November's pylon comes from Kent, or to be more specific Dungeness which according to Wikipedia is formed largely of a shingle beach in the form of cuspate foreland. I can probably safely assume that the intelligent readers of this blog are well acquainted with cuspate forelands, but just in case the definition isn't on the tip of the tongue, they are "geographical features found on coastlines and lakeshores that are created primarily by longshore drift". More to the point from a pylon perspective, Dungeness is also the site of two non-operational nuclear power station. The first (Dungeness A) is an old Magnox reactor which was commissioned in 1965 and went out of service on the last day of 2006. Dungeness B was an Advanced Gas Cooled Reactor (AGR) that was commissioned in 1983 and eventually shut down for good in 2021. AGR reactors never lived up to the hype that accompanied them in the early days:
In May 1965 Fred Lee, minister of power in Harold Wilson’s Labour government, announced that the next phase of Britain’s nuclear power programme would be based on the British-designed advanced gas-cooled reactor (AGR), in preference to the water-cooled reactors that were available from the US. Britain, Lee said, had “hit the jackpot”, with a design that was clearly superior on economic and technical grounds to its American rivals.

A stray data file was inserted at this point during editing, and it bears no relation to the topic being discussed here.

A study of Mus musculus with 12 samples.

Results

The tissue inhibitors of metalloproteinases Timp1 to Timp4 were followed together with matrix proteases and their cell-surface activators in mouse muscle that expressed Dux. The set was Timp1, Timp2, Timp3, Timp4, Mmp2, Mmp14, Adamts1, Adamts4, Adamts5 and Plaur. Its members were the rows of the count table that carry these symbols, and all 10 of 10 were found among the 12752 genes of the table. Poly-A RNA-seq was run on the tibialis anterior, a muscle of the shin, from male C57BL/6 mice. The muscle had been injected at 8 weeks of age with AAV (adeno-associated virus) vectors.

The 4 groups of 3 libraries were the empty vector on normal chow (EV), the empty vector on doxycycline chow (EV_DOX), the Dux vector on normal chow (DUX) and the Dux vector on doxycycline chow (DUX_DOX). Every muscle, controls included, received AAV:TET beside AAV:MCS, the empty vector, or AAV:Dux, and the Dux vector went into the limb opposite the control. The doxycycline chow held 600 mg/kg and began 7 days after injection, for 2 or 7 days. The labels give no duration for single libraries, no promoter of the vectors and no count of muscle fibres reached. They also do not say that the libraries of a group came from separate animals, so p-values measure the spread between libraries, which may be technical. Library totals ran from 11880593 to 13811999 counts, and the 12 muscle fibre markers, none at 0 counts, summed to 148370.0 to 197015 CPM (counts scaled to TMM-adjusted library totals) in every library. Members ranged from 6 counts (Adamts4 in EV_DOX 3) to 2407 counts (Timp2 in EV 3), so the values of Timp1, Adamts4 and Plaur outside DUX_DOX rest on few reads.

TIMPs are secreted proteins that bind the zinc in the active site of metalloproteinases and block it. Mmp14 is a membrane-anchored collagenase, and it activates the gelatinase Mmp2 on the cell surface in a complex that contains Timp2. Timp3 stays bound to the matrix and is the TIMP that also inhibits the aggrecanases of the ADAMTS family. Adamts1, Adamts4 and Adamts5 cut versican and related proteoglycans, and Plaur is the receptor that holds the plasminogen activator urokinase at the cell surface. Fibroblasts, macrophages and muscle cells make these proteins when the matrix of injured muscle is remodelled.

The quote above is an excerpt from a review in the Financial Times of 'The Fall and Rise of Nuclear Power in Britain' by Simon Taylor and it looks like an interesting if sobering read especially if like me you think that nuclear energy has a key role to play in decarbonising energy generation in the UK.
Anyway, back to the pylons and the rather magnificently moody picture of them marching across the landscape. The picture was sent in by someone who confessed in the email by which they arrived, to having developed an irrational fear of pylons. A trip to Dungeness where you "can touch them, giant gangly bloody things like huge Crane Flies. Buzzing and crackling away" was the therapy and I only hope it worked. The email was sent back at the beginning of 2021 and I'm not sure where the closure of the nuclear power stations now leaves these pylon lines. Perhaps I'll pop down to Kent to investigate when I get a chance. If you've already got information to pass on about the lines you can always get in touch with me on Twitter or Instagram.